Two leading academics have added their voice to the call for the removal of
the ‘knowingly or recklessly’ clause in the Company bill, shortly due before
In an article for the Financial Times, Stella Fearnley, a professor
of accounting at Portsmouth Business School, and Shyam Sunder, professor of
accounting, economics and finance at Yale School of Management, said the US
civil approach to audits, avoided reckless penalties, which could be costly for
those who had already lost their money.
The Companies bill is set to replace ‘joint-and-several’ liability by
‘proportional’ liability’, established through contract. And ‘knowingly or
recklessly’ issuing a false or deceptive audit will be a criminal offence
subject to a fine, but not imprisonment.
Fearnley and Sunder point out that in 1995, changes in US federal law eased
the litigation regime for claims against professionals related to work on listed
‘Interestingly, the quid pro quo for liability reform in the US focused on
improvements in audit quality, not on criminal penalties,’ they said.
‘The economic effect of criminalising the “knowing and reckless” issuance of
a misleading audit report needs more careful thought… Criminal law is intended
to punish transgressions against society. Those who have lost money as a result
of financial statement fraud or malpractice expect to be compensated for the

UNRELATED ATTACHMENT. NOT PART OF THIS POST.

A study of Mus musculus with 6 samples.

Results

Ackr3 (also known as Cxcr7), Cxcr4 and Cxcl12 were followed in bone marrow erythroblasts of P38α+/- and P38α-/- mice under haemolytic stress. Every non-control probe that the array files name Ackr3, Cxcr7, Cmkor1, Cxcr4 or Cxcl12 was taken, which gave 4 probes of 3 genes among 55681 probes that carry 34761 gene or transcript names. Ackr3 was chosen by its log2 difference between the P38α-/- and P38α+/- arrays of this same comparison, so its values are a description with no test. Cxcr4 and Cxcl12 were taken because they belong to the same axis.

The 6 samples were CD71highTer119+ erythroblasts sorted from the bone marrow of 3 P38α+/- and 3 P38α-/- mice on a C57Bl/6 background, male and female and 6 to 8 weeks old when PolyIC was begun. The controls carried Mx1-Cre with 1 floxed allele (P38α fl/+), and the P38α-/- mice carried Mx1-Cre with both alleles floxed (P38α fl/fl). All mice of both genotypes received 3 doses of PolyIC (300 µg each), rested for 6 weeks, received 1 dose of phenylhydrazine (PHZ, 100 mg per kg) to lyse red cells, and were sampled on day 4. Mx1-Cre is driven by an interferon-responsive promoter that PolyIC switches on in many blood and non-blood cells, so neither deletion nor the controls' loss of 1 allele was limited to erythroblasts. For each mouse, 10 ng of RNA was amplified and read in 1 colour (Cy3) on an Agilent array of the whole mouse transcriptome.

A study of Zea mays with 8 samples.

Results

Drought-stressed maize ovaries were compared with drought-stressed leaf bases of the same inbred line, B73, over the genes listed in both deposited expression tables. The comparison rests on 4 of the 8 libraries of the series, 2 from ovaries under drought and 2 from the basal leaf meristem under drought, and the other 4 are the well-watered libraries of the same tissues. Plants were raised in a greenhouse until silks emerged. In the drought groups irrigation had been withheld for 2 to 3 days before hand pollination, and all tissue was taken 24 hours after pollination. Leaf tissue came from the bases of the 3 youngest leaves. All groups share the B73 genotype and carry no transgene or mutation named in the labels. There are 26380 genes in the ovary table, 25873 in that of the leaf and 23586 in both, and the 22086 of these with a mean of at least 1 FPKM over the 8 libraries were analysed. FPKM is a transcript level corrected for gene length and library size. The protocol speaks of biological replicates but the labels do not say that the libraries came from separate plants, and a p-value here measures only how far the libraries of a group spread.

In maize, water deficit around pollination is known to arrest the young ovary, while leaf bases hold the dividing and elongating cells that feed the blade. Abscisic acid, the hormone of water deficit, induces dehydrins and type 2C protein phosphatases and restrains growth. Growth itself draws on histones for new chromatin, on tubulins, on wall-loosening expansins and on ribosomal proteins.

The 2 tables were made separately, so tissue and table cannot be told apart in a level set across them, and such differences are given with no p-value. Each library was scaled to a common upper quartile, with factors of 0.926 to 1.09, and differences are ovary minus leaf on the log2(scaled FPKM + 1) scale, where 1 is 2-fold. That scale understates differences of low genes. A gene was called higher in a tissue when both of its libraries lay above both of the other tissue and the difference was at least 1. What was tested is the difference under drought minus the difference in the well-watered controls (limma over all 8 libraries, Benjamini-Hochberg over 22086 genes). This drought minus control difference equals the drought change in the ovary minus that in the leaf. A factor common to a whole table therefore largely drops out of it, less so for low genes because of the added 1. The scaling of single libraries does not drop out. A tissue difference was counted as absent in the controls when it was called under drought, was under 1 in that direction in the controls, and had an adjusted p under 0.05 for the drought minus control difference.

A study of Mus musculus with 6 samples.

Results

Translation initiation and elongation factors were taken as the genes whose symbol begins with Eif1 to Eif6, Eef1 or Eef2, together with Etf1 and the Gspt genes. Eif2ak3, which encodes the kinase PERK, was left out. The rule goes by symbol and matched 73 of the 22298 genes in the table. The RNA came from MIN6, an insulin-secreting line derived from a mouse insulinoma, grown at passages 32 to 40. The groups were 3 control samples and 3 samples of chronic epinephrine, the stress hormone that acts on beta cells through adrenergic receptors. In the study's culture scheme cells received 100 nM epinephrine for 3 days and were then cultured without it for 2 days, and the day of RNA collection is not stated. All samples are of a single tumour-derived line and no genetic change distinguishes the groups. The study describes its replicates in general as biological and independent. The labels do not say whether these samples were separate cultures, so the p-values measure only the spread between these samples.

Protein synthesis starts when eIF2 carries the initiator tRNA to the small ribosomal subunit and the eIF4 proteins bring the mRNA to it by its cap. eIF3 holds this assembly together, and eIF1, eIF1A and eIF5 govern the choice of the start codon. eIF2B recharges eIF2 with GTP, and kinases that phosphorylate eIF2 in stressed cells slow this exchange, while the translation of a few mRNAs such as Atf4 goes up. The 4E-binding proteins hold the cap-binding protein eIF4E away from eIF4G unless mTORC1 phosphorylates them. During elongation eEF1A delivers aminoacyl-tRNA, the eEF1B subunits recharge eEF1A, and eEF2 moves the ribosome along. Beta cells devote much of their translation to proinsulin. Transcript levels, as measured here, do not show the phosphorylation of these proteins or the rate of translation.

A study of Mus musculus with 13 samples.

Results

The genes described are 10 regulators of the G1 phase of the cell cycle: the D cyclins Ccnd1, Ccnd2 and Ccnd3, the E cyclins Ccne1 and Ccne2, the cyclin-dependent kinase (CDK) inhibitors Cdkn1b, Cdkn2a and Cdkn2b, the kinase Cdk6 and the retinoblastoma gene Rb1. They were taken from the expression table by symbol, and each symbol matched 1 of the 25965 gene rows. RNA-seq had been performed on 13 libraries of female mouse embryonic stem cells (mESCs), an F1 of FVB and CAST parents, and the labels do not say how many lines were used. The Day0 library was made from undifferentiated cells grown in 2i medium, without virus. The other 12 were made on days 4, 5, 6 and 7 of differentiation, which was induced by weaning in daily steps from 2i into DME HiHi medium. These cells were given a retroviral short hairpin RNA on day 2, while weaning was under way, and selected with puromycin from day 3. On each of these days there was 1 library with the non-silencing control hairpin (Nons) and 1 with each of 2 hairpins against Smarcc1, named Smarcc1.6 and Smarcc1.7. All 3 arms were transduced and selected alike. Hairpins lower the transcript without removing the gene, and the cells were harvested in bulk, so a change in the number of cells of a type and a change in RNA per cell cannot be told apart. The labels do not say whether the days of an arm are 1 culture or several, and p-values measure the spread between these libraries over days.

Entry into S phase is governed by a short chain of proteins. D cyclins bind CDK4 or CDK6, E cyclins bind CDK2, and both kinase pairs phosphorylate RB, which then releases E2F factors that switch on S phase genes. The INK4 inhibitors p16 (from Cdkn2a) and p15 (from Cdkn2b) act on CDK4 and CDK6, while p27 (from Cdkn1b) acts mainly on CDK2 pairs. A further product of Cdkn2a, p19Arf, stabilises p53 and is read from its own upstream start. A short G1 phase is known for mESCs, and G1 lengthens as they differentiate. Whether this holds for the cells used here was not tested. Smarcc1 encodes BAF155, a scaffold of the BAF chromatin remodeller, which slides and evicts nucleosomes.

loss in a timely fashion,’ they said.
According to the authors, the US regime differs in that the authorities take
on only the most serious cases for criminal prosecution.
‘Where the right to practise before the SEC is at risk, the standard of proof
is the same as in UK civil disciplinary proceedings. Where fraud is involved or
where “civil” penalties are imposed via the federal courts, a higher standard of
proof (“clear and convincing evidence”, which is lower than criminal standard)
is applied. Many cases are settled before trial,’ they said.
Without the need to prove criminality, cases can be resolved expeditiously
and shareholders can get on with claiming their compensation.
Fearnley and Sunder warned that criminal proceedings will draw more defensive
resources and cause delay.
‘Given the higher (beyond reasonable doubt) standard of proof required for a
criminal conviction, such proceedings are less likely to succeed than civil
cases… The threat of criminal prosecution may induce auditors to pursue a
legalistic, defensive, box-ticking approach,’ they said.